Diverticulitis is a digestive disorder that starts with a pinching pain in the lower, left abdomen. The sensation then begins to build through out the body, causing the individual to experience nausea, fever and a slight metallic taste in the mouth.
These are common diverticulitis symptoms. Diverticulitis usually develops in the last portion of the large intestine and makes its way down to the sigmoid colon. When the diverticula, or pouches that form within the intestinal wall, become inflamed or infected, an individual experiences symptoms of diverticulitis.
Cases of diverticulitis have risen since the 1920s because of the development of refined foods and flours. To counteract this disorder, physicians have routinely recommended a high-fiber diet that is rich in roughage. Though this diet has sometimes been proven as beneficial, it has, at other times, been proven to promote intestinal infection.
What You Need to Know About High-Fiber Diets
High-fiber diets are also considered high-residue diets, which means that, when ingested, a lot of residue is left behind after the small intestine has completed its digestive role. This residue is then forced to travel into the large intestine where it becomes a food source for the microbes living there.
The digestion process of the small intestine is a big indication of how healthy the large intestine is. You can tell if your diet is too high-residue if you experience lower abdominal bloating, gas and constipation or diarrhea.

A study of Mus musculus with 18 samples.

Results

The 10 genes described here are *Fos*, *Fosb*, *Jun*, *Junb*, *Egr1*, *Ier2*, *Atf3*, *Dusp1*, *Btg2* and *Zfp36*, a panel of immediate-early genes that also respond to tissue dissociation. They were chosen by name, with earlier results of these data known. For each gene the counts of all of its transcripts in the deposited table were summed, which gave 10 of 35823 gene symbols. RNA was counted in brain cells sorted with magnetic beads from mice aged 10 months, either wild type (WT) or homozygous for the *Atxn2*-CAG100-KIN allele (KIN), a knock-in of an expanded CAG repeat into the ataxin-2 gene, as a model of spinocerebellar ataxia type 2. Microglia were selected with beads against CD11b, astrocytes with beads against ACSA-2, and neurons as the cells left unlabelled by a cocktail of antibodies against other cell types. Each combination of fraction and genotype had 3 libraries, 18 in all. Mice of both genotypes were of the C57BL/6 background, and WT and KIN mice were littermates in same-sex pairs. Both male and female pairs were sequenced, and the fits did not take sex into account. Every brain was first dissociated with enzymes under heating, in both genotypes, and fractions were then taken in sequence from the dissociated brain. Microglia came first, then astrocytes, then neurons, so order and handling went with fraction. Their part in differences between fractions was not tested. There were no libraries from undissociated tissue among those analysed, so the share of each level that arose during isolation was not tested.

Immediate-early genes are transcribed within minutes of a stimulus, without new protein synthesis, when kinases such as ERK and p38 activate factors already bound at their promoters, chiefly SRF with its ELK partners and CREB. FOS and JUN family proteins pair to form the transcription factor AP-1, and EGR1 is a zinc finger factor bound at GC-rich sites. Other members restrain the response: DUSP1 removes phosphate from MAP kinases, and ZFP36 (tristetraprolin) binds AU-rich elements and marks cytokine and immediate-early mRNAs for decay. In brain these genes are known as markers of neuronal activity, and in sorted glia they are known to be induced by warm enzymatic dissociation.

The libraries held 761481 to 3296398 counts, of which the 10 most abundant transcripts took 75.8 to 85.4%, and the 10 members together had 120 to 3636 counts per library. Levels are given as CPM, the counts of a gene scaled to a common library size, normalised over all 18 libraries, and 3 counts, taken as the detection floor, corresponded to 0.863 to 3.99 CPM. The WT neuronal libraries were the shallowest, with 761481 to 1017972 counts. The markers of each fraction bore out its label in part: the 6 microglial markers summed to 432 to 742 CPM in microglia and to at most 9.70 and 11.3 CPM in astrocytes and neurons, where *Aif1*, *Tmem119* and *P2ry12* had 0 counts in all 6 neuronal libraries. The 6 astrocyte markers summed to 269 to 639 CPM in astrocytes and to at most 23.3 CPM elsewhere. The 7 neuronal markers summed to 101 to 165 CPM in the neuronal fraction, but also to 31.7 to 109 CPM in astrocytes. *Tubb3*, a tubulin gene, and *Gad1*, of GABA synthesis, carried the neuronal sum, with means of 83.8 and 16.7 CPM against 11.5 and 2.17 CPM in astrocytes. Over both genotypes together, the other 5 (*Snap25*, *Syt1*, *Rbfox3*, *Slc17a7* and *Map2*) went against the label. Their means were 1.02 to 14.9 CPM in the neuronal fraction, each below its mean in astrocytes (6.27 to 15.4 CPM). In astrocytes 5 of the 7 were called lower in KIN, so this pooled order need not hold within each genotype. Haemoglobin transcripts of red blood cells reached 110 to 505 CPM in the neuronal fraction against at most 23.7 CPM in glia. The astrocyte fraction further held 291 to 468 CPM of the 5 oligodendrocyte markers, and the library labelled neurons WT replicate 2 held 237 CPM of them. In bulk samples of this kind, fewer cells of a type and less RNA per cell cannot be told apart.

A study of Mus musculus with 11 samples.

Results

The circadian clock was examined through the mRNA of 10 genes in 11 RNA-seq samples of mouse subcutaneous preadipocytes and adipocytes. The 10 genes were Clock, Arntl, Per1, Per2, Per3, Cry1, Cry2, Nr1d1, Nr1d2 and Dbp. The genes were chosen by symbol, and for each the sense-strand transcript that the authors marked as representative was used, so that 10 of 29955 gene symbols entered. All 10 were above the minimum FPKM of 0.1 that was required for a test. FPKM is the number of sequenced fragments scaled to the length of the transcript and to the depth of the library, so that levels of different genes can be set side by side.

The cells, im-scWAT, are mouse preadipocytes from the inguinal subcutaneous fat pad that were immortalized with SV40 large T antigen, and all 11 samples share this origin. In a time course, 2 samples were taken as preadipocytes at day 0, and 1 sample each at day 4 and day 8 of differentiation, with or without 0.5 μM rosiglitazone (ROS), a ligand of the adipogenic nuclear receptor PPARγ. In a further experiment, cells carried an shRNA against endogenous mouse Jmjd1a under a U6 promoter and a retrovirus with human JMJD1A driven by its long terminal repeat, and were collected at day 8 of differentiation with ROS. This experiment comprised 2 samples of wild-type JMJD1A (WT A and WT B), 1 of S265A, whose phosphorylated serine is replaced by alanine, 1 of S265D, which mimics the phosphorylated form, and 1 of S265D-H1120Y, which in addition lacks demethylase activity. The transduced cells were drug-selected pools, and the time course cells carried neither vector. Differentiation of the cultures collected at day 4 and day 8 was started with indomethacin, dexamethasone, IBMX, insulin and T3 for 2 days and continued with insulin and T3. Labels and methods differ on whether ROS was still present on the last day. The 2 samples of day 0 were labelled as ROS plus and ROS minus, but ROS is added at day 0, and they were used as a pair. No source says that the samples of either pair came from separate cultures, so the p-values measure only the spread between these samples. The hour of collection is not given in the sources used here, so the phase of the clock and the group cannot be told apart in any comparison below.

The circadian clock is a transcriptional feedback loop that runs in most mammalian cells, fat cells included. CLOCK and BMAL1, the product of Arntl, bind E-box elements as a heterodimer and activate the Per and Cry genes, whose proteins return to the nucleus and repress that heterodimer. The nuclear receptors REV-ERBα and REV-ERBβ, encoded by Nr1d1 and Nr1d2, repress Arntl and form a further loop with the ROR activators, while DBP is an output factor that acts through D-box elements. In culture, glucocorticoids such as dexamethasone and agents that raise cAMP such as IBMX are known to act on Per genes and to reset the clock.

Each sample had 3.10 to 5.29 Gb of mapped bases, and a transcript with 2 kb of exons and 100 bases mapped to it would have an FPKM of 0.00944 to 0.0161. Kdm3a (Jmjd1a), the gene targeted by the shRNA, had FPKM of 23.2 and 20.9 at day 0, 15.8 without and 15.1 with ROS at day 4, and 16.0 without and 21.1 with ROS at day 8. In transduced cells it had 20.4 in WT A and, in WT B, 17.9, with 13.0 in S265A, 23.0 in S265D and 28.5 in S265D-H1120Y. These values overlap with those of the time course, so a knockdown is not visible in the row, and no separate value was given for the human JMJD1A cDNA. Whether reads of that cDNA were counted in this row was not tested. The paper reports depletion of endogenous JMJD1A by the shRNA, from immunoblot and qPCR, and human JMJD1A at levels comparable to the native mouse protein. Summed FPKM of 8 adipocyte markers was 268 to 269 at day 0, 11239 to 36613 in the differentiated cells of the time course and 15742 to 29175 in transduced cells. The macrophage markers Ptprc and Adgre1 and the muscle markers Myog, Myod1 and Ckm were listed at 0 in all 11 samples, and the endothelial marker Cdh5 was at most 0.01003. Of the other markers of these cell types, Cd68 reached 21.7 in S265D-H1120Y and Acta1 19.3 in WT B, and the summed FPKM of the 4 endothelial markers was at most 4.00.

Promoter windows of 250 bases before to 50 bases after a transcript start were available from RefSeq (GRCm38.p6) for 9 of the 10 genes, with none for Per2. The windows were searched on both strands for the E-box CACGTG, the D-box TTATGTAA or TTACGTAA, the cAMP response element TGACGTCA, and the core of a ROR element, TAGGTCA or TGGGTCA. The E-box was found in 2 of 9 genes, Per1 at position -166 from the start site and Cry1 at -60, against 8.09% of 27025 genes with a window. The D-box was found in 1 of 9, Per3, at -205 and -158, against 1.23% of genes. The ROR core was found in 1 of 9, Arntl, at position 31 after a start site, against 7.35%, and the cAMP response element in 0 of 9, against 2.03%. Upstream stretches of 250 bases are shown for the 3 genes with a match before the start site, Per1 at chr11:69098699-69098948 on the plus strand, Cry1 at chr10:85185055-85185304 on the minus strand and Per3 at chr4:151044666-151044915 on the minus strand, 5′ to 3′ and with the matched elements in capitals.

How to Naturally Treat Diverticulitis
There are natural remedies that may help reduce diverticulitis symptoms. Follow these five tips to help restore your gut health!
1. Rebuild balance within your gut: You can rebuild this balance by consuming the right type of probiotic.
2. Avoid consuming vegetables: Vegetables are extremely high in fiber, therefore high in residue. Any consumption of these foods may aggravate the condition.
3. Stay away from fiber that may cause additional irritation: There are many colon products and probiotics out there that contain inulin or an FOS, which can ultimately aggravate the condition.
4. Steer clear from all forms of sugar: Sugar has the ability to affect the immune system response time and it also feeds pathogenic bacteria.
5. Ensure that your bowels are moving: Constipation or sluggish bowels will keep the area infected and slow down the healing process.